THE Suez Canal has resumed operations after the 20,388 TEU Ever Given was re-floated aided by the high spring tide allowing salvors to free the entire ship and unblock the waterway after a week of closure

30 March 2021 - 19:00
THE Suez Canal has resumed operations after the 20,388 TEU Ever Given was re-floated aided by the high spring tide allowing salvors to free the entire ship and unblock the waterway after a week of closure.

According to the Suez Canal Authority (SCA, the vessel is to be towed to the Bitter Lakes area for technical inspections, opening up the waterway for the resumption of traffic.



Taiwan's Evergreen Line confirmed in a statement that 'the chartered vessel will be repositioned to the Great Bitter Lake in the Canal for an inspection of its seaworthiness. The outcome of that inspection will determine whether the ship can resume its scheduled service. Once the inspection is finalised, decisions will be made regarding arrangements for cargo currently on board'.



The Taiwanese shipping line also said that it will coordinate with the shipowner to deal with subsequent matters after the shipowner and other concerned parties complete investigation reports into the incident.



However, shippers and forwarders on either side of the canal face weeks of potential supply chain disruption - according to Leth Agencies, there are 357 vessels of all types waiting to transit Suez, and estimates vary as to how long the backlog of vessels could take to clear, reports UK's The Loadstar.



According to a Maersk customer advisory this morning, the line and its 2M partner, MSC, have three vessels stuck in the canal system and another 30 waiting to enter and has rerouted 15 ships round the Cape of Good Hope.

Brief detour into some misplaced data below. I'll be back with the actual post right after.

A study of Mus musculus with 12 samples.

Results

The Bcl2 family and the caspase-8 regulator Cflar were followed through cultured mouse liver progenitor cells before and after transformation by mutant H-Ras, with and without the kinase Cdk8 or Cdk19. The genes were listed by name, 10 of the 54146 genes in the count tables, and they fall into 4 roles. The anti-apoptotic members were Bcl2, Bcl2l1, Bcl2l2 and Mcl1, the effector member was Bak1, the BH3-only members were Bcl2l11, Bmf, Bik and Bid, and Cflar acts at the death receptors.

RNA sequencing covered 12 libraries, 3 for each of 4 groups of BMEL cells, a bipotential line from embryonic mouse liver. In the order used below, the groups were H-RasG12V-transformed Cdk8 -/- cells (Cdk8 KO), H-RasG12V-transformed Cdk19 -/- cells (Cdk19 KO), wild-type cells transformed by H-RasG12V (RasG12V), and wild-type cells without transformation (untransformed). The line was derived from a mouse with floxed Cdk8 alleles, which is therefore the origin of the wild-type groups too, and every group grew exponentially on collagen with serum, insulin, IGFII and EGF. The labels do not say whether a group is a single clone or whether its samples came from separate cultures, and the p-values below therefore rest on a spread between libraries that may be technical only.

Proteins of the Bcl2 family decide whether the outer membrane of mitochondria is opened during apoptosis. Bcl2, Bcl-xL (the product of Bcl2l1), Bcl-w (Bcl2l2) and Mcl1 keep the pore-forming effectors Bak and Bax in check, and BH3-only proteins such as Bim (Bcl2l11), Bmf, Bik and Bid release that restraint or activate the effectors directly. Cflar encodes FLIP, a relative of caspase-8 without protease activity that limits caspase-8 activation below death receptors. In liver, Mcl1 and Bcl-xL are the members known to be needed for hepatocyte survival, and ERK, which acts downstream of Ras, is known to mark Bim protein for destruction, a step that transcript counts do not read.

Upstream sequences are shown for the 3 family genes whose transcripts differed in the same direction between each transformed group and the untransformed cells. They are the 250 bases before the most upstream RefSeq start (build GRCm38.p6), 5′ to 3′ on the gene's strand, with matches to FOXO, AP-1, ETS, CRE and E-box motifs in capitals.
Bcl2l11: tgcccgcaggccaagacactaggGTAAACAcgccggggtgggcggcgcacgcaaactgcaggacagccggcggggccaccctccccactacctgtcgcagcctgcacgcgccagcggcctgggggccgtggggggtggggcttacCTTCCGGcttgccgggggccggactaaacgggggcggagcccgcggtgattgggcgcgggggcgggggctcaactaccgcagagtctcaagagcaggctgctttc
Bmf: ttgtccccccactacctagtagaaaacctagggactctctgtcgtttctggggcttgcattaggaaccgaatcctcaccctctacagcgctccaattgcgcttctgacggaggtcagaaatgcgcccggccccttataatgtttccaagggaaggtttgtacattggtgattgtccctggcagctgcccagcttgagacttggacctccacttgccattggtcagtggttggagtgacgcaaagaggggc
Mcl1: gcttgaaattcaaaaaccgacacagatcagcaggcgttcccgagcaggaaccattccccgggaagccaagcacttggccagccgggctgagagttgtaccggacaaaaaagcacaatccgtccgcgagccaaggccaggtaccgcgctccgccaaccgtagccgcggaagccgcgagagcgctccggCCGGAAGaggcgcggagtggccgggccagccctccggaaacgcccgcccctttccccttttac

Orient Overseas Container Line said in a statement that seven vessels have been re-directed via the Cape, adding that it will try and minimise delays to cargo delivery.



According to data from SeaIntelligence Consulting, Asia-North Europe vessels routed via the Cape need an extra 14.4 days to complete a round trip, while Asia-Mediterranean vessels take an extra 26.8 days.



'All in all, in order to re-route the cargo around Africa - or through Panama in some cases for the Asia-US east coast - will absorb an amount of carrying capacity, equal to 6 per cent of the globally available capacity - equal to 1.48 million TEU of capacity, the same as 74 ultra-large 20,000 TEU container vessels,' said SeaIntelligence chief executive Alan Murphy.



'It is evident that such an amount of capacity absorption will have a global impact and lead to severe capacity shortages. It will impact all tradelanes, as carriers will seek to cascade vessels to locations where they find they have the greatest need.



'In the short term, it is not possible to build more vessels to solve the problem - the only viable option would be to speed up the vessels. This can partially alleviate the problem, but far from solve it. In this case, increasing speed from 17 to 20 knots would reduce the impact on the global fleet from 6 per cent to 5.2 per cent.



'Going full throttle at 22 knots would still only reduce the impact to 4.8 per cent,' he added.